Review of "Human Nature and the Nature of Reality:

Conceptual Challenges from Consciousness Research"

by Stanislav Grof, M.D.

Journal of Psychoactive Drugs, Vol. 30, No. 4, Oct.-Dec. 1998

Reviewed by Robert Keil, Ph.D.


Stanislav Grof has been called "arguably the world’s greatest living psychologist" by philosopher Ken Wilber. Beginning in the 1950’s with experiments using LSD, Grof is the author of a large body of work that forms the foundation of the transpersonal psychology field. This form of psychology grew out of a reaction to the behaviorist view of human nature and to the limitations of Freudian psychology. Transpersonal psychology is "the study of experiences in which the sense of identity or self extends beyond (trans) the individual or personal to encompass wider aspects of humankind, life, pysche, and cosmos."*

As is detailed in "LSD psychotherapy", Grof began using LSD with patients and healthy subjects in Czechoslovakia in the 1950’s. He was struck by his subject’s experiences and how difficult it was to explain them using the tools of mid-century European science. In particular, many patients seemed to relive birth trauma and reported vivid and detailed descriptions of their actual births, with details that could be verified by interviews with parents and by examining hospital records.

Grof used these observations as the basis for developing what he calls the Basic Perinatal Matrixes (BPM), a set of four stages that relate to the birth process. The BPM constitutes a cornerstone of Grof’s system of psychology. In addition, he is intensely interested in what he calls "systems of condensed experiences" (COEX) which are "emotionally-charged memories from different periods of our life that resemble each other in the quality of emotion or physical sensation that they share (p. 346)." ** Often, the COEX is referred to as a "constellation" of emotionally relevant memories that are stored together. Traumatic events, breathwork or other powerful life experiences can serve to release these energies in ways that can be channeled into constructive pathways. In particular, LSD can bring up these events and allow unconscious material to be brought up and dealt with.

The article serves as an excellent short introduction to Grof’s work. Although it is written in a somewhat academic style, it nevertheless is quite readable and easy to follow. He begins by explaining the need for transpersonal psychology, considering the vast variety of important experiences that are not explained by the narrative psychology of the classical Freudian model. He moves to explaining in more detail the nature of the four BPM’s and how various pathologies can arise from experiences in biological birth. Resolving these four areas of experience can lead to healing and life changing experiences. Grof claims that " a fully-conscious experience of the contents of this domain of the psyche with good subsequent integration can have far-reaching consequences and lead to spiritual opening and deep personal transformation (p. 350)."** …Lastly, the article concludes by questioning the modern belief that all mental phenomenon are exclusively based in the brain.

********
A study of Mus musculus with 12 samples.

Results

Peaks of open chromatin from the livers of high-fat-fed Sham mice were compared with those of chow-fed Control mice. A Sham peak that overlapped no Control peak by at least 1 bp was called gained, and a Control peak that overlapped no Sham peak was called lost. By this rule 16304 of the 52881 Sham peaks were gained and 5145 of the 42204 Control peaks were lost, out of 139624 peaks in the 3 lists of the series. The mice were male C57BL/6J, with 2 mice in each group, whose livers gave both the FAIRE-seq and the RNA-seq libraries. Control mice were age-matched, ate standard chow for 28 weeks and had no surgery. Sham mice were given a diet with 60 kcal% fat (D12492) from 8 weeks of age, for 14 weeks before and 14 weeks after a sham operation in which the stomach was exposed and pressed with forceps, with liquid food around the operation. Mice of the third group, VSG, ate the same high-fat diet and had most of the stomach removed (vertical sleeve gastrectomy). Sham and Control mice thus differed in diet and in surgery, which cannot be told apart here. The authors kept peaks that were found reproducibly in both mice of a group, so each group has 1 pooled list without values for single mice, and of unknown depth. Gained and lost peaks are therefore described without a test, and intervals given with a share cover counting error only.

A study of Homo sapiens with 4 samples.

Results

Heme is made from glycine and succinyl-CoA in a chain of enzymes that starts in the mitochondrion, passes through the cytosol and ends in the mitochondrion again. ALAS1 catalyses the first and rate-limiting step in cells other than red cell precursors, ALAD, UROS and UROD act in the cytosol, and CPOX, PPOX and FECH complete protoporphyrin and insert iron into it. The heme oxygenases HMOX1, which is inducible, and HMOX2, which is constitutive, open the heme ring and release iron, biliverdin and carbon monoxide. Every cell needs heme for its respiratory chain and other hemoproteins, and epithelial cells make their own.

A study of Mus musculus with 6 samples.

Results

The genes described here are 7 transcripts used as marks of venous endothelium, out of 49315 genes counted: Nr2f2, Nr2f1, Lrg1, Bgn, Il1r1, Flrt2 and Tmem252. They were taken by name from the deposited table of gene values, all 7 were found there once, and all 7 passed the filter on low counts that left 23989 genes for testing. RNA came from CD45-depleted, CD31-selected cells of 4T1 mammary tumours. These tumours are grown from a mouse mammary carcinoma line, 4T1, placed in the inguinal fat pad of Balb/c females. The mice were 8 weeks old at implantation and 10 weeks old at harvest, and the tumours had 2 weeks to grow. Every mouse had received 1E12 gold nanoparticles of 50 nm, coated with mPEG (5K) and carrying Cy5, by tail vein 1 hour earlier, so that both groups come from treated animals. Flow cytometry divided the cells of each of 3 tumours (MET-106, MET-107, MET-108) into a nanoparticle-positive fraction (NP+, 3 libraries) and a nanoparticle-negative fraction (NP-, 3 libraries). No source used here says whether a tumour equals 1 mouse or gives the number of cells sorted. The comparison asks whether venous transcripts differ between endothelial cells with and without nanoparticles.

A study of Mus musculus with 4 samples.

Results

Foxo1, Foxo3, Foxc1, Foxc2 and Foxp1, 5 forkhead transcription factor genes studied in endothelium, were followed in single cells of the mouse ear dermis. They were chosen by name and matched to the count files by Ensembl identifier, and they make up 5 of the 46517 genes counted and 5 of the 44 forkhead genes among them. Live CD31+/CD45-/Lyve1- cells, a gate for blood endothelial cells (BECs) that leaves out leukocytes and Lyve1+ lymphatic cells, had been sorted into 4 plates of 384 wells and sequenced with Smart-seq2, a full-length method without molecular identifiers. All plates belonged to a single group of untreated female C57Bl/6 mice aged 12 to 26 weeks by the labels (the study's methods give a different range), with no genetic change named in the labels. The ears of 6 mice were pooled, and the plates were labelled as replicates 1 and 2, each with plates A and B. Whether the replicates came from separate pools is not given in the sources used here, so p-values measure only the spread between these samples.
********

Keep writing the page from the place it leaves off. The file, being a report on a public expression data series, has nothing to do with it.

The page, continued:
Unlike more traditional psychotherapy, transpersonal therapy and work with holotropic states "reveals many important additional mechanisms of healing and personality transformations that become available when our consciousness reaches the perinatal and transpersonal levels (p. 353).**

Sadly, much of the work conducted safely in Grof’s practice would be all but impossible to conduct today given our current government’s stance on psychedelic research. When discussing the BPM and patients that have had these profound experiences, one cannot help realize that the tools that allowed this important work to arise have been declared off-limits. This prohibition on research has prevented other researchers from more widely reproducing Grof’s work. This seems to have led to a certain degree of dismissal when examining his work. Wilber*** tends to preface his discussion of Grof’s work with comments like "if this work is accurate."

Another problem that arises when reading Grof is the possibility that he is reading too much into the examples of those who relived their birth. Grof obviously places great emphasis of the birth experience; this however is most likely the natural tendency to focus on a novel, unexplained phenomena. The reader is often left with questions about the effects of Cesarean birth on the psyche, or whether large surveys of people who had had traumatic births would reveal a higher incidence of various psychopathologies. But even given these problems, it is clear that the examination of these memories is of profound importance to understanding the mind. The mere fact that these memories exist is an important challenge to conventional psychology and an impetus for further research.

Interested readers are directed to Stanislav Grof's books Beyond the Brain (1985), which discusses in great detail the BPM and COEX as they apply to psychotherapy, The Adventure of Self-Discovery (1988), which elaborates his non-pharmacological approaches to inner exploration, and Realms of the Human Unconsciousness: Observations from LSD Research (1976), a detailed account of Dr. Grof’s pioneering LSD therapy.


*Vaughan, F. and Walsh, R., editors (1993). Paths beyond ego. N.Y.: G. P. Putnam's Sons, p. 3.

** Grof, S. (1998). Human nature and the nature of reality: conceptual challenges from consciousness research. Journal of Psychoactive Drugs. Vol. 30, No. 4.

*** Rothberg, D. and Kelly, S., editors (1998). Ken Wilber in dialogue. Wheaton, IL: Quest Books.